WikiIndex:Blocking and banning policy
Spambots can be blocked indefinitely and immediately, without warning. In all other cases, a warning should be issued before implementing a block. Obvious vandal-only accounts, whose activity consists only of, e.g., inserting gibberish characters, blanking pages without explanation, etc., can be blocked as well, although a warning should be issued first. IP address blocks should be of limited duration. Block summaries should always state the reason for a block.
Issuing and overturning warnings
If a user has made a mix of good and bad contributions, then instead of blocking them immediately, a warning should be issued. Warnings are only binding if issued by a sysop, though other members of the WikiIndex can also state their concerns. If the user disagrees with the warning, then they can (1) ask the original sysop who gave the warning, and / or another sysop(s) (or at category talk: Active administrators of this wiki), to retract the warning and allow themselves to continue the behavior that they consider acceptable; and / or (2) take their case to the WikiIndex:Community portal and ask the community to discuss any merits of overturning the warning. The community portal thread should be closed after one month (because WikiIndex is a tiny community).
A decision by the community should be able to override any decision reached by one sysop, though this is not an automatic right. The decision at the community portal must, however, be based on evidence of misconduct (i.e. diffs or log entries). If no such evidence is presented, then any sysop may overturn the community decision, regardless of community consensus.
If a user acts in defiance of a standing warning that has not been retracted or overturned, then any sysop can either issue a final warning, and / or block the user. The decision on whether to warn or block, and on how long to block, should be based on the severity of the pattern of disruption that the user was demonstrating. If another sysop disagrees with the block, or feels its duration is too long, that sysop should raise their concern with one of the WikiIndex:Bureaucrats, to request an unblock or reduce the duration.
If another sysop disagrees with this unblock or reduction of duration, they are not to unilaterally re-block or increase the duration, unless the user has engaged in new misbehavior for which they have been properly warned. A thread should instead be opened at the community portal to discuss the matter, and a re-block or increase of block duration may only be increased with community consensus. However, whilst WikiIndex are happy to allow our entire community to be part of the decision making process, the community must remain mindful not to undermine the respect of the sysops and bureaucrats.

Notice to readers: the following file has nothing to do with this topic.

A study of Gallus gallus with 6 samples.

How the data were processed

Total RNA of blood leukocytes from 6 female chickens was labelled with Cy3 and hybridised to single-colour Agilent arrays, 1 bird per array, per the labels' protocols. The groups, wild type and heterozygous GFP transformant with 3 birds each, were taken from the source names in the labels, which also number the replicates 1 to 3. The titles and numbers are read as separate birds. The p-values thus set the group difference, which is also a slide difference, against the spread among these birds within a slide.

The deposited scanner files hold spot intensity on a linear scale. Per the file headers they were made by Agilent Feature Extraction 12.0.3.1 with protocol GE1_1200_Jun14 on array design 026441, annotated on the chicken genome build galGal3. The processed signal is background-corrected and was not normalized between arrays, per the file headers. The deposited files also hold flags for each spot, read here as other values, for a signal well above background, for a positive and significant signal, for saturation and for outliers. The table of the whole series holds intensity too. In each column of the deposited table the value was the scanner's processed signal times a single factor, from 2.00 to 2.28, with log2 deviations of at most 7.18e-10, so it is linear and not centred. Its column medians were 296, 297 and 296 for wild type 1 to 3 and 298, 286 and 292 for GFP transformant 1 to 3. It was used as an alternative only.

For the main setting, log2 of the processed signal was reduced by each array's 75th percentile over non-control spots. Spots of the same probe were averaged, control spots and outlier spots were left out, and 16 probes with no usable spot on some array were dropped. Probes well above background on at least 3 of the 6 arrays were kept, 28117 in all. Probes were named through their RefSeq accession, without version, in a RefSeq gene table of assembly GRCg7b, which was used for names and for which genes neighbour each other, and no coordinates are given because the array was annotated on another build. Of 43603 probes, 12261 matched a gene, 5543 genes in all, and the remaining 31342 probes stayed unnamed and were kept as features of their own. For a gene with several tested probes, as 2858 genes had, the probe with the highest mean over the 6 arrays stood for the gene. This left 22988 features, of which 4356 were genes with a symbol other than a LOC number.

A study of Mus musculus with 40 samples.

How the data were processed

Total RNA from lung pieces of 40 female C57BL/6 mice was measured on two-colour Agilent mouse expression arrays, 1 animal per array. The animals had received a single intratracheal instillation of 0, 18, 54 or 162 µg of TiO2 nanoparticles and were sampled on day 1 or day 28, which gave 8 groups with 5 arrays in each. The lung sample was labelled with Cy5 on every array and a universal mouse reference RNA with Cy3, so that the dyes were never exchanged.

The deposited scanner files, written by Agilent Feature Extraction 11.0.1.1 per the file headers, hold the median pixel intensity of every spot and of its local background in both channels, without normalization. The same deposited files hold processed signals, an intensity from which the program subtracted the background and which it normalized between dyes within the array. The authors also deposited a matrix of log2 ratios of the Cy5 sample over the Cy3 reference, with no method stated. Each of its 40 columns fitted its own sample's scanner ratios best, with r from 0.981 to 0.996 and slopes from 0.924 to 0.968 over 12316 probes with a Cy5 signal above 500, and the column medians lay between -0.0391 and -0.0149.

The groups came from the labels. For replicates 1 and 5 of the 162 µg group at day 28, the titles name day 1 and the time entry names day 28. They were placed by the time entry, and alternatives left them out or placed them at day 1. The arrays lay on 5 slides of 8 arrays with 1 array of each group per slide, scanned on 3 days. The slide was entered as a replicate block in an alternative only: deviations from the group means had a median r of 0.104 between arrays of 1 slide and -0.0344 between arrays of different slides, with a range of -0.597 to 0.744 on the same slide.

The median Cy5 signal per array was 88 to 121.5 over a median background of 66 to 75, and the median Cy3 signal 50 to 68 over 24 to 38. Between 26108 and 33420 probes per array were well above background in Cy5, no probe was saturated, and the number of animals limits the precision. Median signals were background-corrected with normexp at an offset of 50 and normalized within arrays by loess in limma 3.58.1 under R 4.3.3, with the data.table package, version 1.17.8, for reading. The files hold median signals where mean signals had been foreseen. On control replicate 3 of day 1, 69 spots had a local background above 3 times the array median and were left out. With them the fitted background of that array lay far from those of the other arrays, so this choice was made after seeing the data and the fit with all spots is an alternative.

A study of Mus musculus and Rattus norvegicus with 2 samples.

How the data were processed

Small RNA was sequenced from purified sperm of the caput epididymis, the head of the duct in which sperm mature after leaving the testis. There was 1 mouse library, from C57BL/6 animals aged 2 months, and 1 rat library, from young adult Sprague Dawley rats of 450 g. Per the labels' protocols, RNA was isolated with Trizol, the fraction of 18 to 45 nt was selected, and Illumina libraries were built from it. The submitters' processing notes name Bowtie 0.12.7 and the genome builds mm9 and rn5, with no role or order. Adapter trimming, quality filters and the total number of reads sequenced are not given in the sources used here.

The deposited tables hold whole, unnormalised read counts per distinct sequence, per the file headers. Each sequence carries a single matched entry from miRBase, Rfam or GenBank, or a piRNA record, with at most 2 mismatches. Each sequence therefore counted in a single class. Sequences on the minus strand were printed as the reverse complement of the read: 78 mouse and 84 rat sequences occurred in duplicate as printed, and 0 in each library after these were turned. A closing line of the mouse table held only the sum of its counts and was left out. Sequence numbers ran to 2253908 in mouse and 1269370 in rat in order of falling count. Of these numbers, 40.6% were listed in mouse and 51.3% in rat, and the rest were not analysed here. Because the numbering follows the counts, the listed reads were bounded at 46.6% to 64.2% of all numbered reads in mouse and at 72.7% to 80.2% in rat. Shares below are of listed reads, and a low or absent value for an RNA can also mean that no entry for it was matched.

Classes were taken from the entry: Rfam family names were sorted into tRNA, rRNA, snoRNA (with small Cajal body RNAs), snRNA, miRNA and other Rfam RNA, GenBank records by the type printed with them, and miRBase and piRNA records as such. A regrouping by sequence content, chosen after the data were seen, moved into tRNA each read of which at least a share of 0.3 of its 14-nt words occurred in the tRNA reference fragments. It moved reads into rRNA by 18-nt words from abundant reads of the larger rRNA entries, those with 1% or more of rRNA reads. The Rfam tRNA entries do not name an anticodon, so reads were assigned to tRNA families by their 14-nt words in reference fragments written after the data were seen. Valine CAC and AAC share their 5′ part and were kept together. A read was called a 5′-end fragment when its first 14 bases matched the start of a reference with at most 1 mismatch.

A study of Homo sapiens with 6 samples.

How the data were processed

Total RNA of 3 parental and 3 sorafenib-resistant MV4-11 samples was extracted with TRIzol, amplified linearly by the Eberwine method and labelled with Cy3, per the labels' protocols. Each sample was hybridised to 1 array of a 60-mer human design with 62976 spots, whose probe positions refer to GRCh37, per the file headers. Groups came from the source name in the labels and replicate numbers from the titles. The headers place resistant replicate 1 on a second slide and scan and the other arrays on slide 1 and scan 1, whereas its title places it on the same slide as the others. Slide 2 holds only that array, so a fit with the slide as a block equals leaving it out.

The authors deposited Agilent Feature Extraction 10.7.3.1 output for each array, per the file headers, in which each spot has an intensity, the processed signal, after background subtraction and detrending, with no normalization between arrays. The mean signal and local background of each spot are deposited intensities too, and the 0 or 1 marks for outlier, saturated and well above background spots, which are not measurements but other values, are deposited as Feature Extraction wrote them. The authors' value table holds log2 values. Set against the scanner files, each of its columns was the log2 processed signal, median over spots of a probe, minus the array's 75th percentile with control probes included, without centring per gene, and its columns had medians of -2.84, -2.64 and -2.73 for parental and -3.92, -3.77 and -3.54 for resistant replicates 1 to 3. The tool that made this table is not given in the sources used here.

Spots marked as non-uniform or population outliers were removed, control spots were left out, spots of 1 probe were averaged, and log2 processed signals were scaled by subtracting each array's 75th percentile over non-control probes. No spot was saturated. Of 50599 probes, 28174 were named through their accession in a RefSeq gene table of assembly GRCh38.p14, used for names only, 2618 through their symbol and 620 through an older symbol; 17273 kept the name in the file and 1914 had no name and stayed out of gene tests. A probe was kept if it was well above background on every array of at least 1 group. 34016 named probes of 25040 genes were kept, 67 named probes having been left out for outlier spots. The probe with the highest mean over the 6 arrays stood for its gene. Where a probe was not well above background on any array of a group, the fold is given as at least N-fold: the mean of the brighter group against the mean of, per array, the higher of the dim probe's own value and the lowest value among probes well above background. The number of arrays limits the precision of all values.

Each time a user edits, the IP address from which the edit was made is logged with the account being used (this log is accessible only by a very small number of trusted users, called check users). If someone logs into a account that is blocked and attempts to edit, the IP from which they are trying to edit is being 'autoblocked', (if the autoblock flag was not removed while blocking that account) to hamper their attempts to evade the block by back-falling to editing anonymously or by using a sockpuppet account. If anybody then attempts to edit from the autoblocked IP while being logged into their unblocked account, that account is being autoblocked as well, and consequently - like above - any other IPs from which they attempt to edit logged in thereafter. Other logged in users who happen to use those blocked IPs will also get their accounts blocked automatically, unless they enjoy specific user rights that disallow their account being autoblocked, and so on. Therefore, it is possible for some users who have done nothing block-worthy to be caught in this cascade of autoblocks. If you are an admin blocking an account, carefully consider if there is need to leave the autoblock flag remaining.
In determining how disruptive a user has been, the user in question should not be blamed for other users' disproportionate reactions to their behavior, such as taking great offense to a slight infraction of the rules of civility.
User's right to defend themselves against accusations
It is usually frowned upon to block a user from editing their own user talk page, or emailing; unless they have demonstrated clear abuse of those particular channels, against which they have been properly warned. However, many wikis are unable 'ring-fence' user talk pages from blocking action, therefore, a disruptive user needs to be aware of such limitations. Also, if there is a community portal discussion concerning a blocked user, they must be afforded an opportunity to defend themselves at that discussion, with the understanding that they are not allowed to edit the remainder of the wiki. Angering other trusted community users with one's civil rebuttals of their arguments will not help their defence.
Informal dispute resolution
Sometimes, users find it helpful to invite the people with whom they have a dispute to talk it over via a private, off-wiki, synchronous communication method such as Internet Relay Chat (IRC), or even private e-mail. This allows the potential for quicker resolution of any misunderstandings, and can help users feel like they are saving face by not publicly acquiescing to someone else's demands. Participation in this sort of informal dialog is strictly optional, however.
The maximum duration of any block is one year. However, shorter blocks would normally be considered in the first instances. Should the blocked user attempt to evade the block for any other good reason apart from mediation, any wilful evasion, especially when used to cause further disruption to the wiki community, will be considered strong grounds for further extending the block.